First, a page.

Education is a powerful tool when it comes to prevention, and its use in the fight against opiate addiction is critical. When it comes to educating children against the dangers, two things are clear — starting early is critical, and everyone from parents, caregivers, community leaders and schools play significant roles in the effort.
Annually, districts participate in the Pennsylvania Youth Survey, administered to students in sixth, eighth, 10th and 12th grades in all districts across the state. The survey helps administrators identify perceived risks of drug use, parental attitudes and students’ overall perception of how drugs affect them. The survey indicates that over the past 10 years, students’ perceived risk associated with drug use is dropping. It also shows that students feel parents are more accepting when it comes to marijuana and underage alcohol use.
According to the survey’s statistics, 68 percent of local high school seniors have used alcohol; 34 percent marijuana; 29 percent cigarettes and 21 percent smokeless tobacco; and 11 percent narcotics. The PA Youth Survey further indicates 30 percent of Centre County students identify themselves as feeling depressed, which directly correlates to increased addiction rates.
These stats are staggering and beg the question, what can be done to change the mindsets of our youth and minimize these dangerous risk factors?
When it comes to education and prevention in the schools, limited resources and acknowledgment of the issue from families and the surrounding community can be barriers to success. Schools need to be direct with parents and the community about the severity of the issue. They also have the difficult task of getting creative when it comes to funding educational and supportive programs.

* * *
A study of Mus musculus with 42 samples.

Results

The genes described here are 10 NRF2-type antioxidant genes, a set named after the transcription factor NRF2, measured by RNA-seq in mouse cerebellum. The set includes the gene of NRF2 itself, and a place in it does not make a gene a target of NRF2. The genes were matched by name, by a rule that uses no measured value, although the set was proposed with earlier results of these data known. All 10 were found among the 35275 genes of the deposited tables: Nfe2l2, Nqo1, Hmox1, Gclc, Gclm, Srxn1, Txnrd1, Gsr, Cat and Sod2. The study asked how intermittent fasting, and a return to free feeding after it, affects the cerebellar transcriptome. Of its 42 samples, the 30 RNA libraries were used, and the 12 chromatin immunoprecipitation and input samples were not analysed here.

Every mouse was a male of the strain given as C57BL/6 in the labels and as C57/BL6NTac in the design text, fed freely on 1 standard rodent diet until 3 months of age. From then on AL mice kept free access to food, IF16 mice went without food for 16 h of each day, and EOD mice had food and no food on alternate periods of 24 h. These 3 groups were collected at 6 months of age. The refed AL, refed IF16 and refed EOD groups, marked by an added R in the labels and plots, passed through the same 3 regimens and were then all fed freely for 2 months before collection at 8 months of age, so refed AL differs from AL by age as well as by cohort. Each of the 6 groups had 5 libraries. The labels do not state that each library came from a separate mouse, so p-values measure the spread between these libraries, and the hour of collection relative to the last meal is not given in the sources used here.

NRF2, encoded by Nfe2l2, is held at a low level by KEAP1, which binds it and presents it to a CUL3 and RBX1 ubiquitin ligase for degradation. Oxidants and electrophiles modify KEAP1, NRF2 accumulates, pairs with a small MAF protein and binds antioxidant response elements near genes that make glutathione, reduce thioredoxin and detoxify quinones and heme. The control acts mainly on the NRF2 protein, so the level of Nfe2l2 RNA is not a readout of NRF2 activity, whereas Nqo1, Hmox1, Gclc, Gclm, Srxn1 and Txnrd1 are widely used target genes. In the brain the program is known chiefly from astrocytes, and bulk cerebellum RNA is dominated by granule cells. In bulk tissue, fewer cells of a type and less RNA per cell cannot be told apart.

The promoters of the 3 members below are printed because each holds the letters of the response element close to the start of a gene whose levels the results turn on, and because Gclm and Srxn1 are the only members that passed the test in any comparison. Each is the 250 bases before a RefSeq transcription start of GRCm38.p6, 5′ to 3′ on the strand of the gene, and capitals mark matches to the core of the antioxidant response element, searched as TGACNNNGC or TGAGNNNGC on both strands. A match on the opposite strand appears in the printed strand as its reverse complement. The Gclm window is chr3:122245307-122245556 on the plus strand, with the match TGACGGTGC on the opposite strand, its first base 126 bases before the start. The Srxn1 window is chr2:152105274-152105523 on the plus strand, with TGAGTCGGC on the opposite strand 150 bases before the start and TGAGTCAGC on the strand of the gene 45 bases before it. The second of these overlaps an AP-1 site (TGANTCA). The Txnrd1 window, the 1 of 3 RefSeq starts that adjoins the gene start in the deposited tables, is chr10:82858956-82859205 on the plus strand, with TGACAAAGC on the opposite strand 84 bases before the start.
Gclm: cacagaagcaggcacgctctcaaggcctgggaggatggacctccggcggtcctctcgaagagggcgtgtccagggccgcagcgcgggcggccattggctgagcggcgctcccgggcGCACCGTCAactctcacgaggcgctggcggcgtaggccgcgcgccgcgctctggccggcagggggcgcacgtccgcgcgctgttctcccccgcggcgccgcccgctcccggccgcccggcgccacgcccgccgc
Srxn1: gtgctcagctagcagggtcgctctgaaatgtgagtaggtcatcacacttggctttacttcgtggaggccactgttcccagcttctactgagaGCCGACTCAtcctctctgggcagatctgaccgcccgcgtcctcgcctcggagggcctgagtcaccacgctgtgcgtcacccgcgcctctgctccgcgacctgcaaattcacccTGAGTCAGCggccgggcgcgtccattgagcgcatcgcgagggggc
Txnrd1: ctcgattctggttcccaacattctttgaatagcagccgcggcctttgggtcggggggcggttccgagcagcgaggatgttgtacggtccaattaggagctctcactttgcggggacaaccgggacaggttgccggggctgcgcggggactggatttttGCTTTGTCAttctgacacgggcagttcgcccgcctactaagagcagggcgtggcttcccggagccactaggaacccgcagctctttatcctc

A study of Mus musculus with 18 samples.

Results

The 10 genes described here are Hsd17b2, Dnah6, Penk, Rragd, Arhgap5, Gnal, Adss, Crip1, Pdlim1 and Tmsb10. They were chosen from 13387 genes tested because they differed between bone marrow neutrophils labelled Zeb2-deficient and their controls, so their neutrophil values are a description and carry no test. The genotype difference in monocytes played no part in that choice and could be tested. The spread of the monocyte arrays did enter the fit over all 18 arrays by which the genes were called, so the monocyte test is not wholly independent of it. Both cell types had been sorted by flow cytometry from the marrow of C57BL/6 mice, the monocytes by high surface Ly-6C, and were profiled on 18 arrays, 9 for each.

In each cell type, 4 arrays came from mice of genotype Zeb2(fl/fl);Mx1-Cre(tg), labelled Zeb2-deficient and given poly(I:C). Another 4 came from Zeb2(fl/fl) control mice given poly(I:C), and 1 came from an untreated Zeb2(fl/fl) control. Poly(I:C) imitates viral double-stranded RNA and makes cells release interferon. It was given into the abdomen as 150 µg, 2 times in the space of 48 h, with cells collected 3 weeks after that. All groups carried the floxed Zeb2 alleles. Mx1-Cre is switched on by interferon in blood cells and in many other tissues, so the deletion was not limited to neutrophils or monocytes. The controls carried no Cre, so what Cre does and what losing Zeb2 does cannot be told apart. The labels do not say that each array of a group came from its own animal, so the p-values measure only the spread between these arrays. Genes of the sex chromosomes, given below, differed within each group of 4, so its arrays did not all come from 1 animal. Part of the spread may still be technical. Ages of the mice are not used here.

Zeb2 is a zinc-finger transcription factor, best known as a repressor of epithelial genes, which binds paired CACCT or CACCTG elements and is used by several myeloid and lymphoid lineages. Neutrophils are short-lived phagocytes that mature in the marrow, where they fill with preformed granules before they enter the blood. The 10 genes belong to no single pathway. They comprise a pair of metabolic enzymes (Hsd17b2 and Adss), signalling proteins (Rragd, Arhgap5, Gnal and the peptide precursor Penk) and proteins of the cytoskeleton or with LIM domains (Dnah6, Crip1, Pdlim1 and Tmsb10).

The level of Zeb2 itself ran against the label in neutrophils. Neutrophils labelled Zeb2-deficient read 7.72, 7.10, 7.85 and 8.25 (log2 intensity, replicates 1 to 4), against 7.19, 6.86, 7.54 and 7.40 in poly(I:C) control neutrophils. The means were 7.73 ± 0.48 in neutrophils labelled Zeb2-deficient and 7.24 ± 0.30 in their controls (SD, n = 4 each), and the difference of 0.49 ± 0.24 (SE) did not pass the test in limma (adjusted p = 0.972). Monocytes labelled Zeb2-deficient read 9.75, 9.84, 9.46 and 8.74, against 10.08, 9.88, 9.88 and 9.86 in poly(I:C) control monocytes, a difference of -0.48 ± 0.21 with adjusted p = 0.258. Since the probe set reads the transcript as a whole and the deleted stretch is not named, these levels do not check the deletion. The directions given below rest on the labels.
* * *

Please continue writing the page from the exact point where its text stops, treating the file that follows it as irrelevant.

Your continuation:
State College Area School District offers one example of how this can be done. The district’s symbiotic relationship with the Cedar Building at Penn State allows SCASD to go beyond the survey and provide further services and counseling to students at risk. Other districts should look to foster similar relationships, with Penn State or surrounding colleges. Greater collaboration across the county and the five area school districts could also help spread scarce resources more widely.
At home, parents need to educate themselves on this issue. Forty-two percent of high school seniors surveyed reported that they could easily access prescription drugs for recreational purposes if they wanted. Parents handling and disposing of this medication properly to keep it out of kids’ hands, as well as partnering with schools to reinforce healthy life decisions at home, is critical to success. Advocating for your child when a prescription drug is prescribed and closely monitoring usage is also important.
Addiction is unforgiving and does not discriminate. Kids can’t feel immune to the risks at hand. Opiates are so strong that oftentimes, one bad decision can lead to a lifelong struggle. Those struggling don’t have to suffer alone. We are lucky to live in a community that has multiple resources, recognizes the risk and is working toward stopping the epidemic.
As residents of this community, we can aid in that fight by supporting our schools and families in their efforts to prevent addiction through education and intervention. We can also be more open and accepting of those struggling with addiction. The more the issue is brought out in the open and discussed, the more support can be provided to those in need and positive change can occur.
For more information, or if you or a loved one are struggling with addiction, visit centrecountypa.com/drugandalcohol.